Awe-inspiring in its authenticity, the elaborate swimming pool that sits within Bayswater’s historic Porchester Centre has been lovingly restored to its former glory.
During the difficult times of the pandemic restrictions, the Essex- based Hydrospec team was engaged by SLM (Everyone Active) and Westminster City Council to undertake a comprehensive refurbishment of its 1925 constructed ‘First Class’ swimming pool. This followed the award-winning refurbishment of the Teaching Pool carried out by Hydrospec in 2018.
The revitalisation of the heritage pool, nestled within the Grade II* Listed civic complex, was a highly complicated and delicate process, with sensitivity of design at the heart of its success. The works included six weeks of enabling works to strengthen the pool structural walls due to deflection and repairs to long time cracks in the structure.
New structural floors and internal reinforced wall structures and new in-situ entry steps were constructed and finished with waterproof tanking renders and bespoke tiling within the pool in accordance with the planning conditions for this Grade II* listed building. Hydrospec’s John Cheek explains: ”This meant that the tiles had to be especially manufactured to exact colour and size of the original glazed bricks that were removed to the approval of English Hertigage.” “This enabled the pool to be fitted out with new compliant fittings to a new circulation design, improving this from the old end to end method previously adopted with a single main drain,” he says.
Additionally, the freeboard height was lessened and the surface water removal design improved by installing a number of outlets into the long side scum channels, which were not previously in circulation. Listed building consent did not allow the removal of the scum channel or the coping stones so new and extra outlets were diamond drilled and installed. The pool’s filtration system was extensively improved including the replacement replacement of approximately 15 tonnes of the original cast iron and mild steel sections of pipework due to corrosion/rust precipitation not only causing staining in the pool tank (certainly not welcome in the new pool) but restrictions in the pipe’s internal bore, thus increasing water velocities beyond good design practices. The original strainer and gate valves were also removed with the pipework, again responsible for causing restriction to the pool’s circulation design. New larger bore uPVC pipework was installed to achieve modern day standards in relation to velocities and turnover rates with the reduction in the pools capacity. New main isolation valves have been installed near to the pool structure. John again: “In order to reduce pressure losses within the pipework, the use of slow bends not elbows have been implemented on the main suction line back to the plant room, the new pipework services have been installed on galvanised support framework and supported to enable free expansion.”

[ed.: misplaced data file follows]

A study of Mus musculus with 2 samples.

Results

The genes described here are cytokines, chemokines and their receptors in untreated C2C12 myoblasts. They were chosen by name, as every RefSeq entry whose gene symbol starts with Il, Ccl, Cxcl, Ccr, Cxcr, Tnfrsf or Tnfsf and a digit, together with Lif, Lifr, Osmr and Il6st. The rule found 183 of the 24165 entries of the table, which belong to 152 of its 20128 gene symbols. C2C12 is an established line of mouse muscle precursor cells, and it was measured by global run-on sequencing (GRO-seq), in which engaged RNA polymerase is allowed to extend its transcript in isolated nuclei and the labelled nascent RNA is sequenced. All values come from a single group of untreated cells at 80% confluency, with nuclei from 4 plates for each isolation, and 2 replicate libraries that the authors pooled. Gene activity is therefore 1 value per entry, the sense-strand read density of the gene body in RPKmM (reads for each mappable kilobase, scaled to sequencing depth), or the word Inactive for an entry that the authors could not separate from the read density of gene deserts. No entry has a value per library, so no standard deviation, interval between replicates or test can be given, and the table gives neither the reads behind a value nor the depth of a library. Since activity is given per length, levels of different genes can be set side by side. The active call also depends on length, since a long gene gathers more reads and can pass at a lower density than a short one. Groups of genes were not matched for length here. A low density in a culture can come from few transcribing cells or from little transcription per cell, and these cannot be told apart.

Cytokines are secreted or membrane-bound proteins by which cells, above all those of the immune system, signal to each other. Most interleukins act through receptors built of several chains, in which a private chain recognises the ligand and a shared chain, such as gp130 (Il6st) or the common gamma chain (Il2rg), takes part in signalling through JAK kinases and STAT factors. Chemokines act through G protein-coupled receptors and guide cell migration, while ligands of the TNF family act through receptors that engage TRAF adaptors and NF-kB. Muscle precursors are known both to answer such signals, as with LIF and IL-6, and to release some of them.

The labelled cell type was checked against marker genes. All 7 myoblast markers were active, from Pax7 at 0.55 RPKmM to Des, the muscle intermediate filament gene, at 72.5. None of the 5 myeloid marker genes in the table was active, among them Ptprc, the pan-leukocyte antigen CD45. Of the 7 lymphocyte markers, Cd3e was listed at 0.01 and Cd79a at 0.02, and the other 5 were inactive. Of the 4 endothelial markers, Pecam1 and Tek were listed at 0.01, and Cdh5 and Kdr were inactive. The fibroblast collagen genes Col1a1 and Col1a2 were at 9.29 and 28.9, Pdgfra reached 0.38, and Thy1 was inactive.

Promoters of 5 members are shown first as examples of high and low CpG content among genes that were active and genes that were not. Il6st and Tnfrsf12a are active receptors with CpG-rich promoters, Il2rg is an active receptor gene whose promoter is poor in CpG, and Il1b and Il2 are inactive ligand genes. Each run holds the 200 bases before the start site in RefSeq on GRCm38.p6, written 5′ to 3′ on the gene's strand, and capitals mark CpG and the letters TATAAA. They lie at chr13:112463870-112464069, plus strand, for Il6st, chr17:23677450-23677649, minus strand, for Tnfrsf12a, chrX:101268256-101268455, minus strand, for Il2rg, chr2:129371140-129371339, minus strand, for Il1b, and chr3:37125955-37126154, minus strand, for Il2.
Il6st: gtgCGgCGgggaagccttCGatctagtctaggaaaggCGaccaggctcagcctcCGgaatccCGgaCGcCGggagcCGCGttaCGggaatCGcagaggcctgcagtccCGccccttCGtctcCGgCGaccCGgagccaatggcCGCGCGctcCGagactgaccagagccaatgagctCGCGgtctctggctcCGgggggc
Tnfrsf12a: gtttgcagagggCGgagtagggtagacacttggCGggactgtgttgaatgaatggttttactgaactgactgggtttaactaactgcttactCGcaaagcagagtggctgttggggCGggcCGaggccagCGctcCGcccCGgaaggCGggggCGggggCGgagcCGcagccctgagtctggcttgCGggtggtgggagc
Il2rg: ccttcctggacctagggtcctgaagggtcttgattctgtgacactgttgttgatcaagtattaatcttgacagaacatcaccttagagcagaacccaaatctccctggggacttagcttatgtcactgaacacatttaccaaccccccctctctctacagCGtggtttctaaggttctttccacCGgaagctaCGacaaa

The existing 11kW circulation pumps were replaced with new Herborner 7.5kW pumps with energy efficient motors and corrosion resistant wet end, matching those fitted to the teaching pool in 2018. A new bespoke pump strainer basket has been installed, complete with clear lid and inspection glass. Existing electrical control panel had elements renewed where needed and new automated backwash control system installed, simplifying a complicated process and minimising the risk of operation errors.
John explains: “The face pipework and valves on the existing systems were modified and renewed to allow the installation of pneumatically operated valves. Operators only have to activate a backwash procedure by pressing a start button and remain present for the operation stages of which are displayed on the colour 10” monitor mounted to the new control panel.” Safety interlock, incorporated within the electrical controls to inhibit heating, UV and chemical dosing in the event of no flow situations. The filters’ internal pipework was refurbished where necessary including the replacement of the internal underdrain’s and then re-filled with recycled crushed glass media. The existing troublesome plate heat exchangers were replaced with new Bowman shell and tube models. New heating valve actuators and thermostatic sensors fitted. BMS systems (by others) were also interfaced with the pool plant to control heating actuators when pool circulation pumps are off, avoiding the risk of heat damage to the uPVC pipework which had been experienced in the past.
New chemical dosing systems were installed in October 2018 comprising of Granudos 45 dosing systems and Kuntze chemical controllers complete with remote monitoring facilities. “The change of donor to calcium hypochlorite helped extend the life-cycle of the steel and cast pipework to 2020 standards provides excellent water quality to both pools,” says John. The Hanovia main pool UV system was reinstated after repair. An automatic mains water top-up system was installed on the main pool to monitor and maintain the operational water level of the pool. In addition, there is the facility to raise the water level, by button activation, to raise the pool water level to a pre-backwash level to account for the water loss and minimises the impact on pool operations as undertaken overnight. This system design/installation also overcome a non-compliance issue with the Water Authority. Owing to the building’s rich cultural import, the recreation of Herbert Shepherd’s original design, dating back almost a century, was painstakingly carried out by Hydrospec, in adherence with conservation conditions set out by Westminster City Council’s planning department.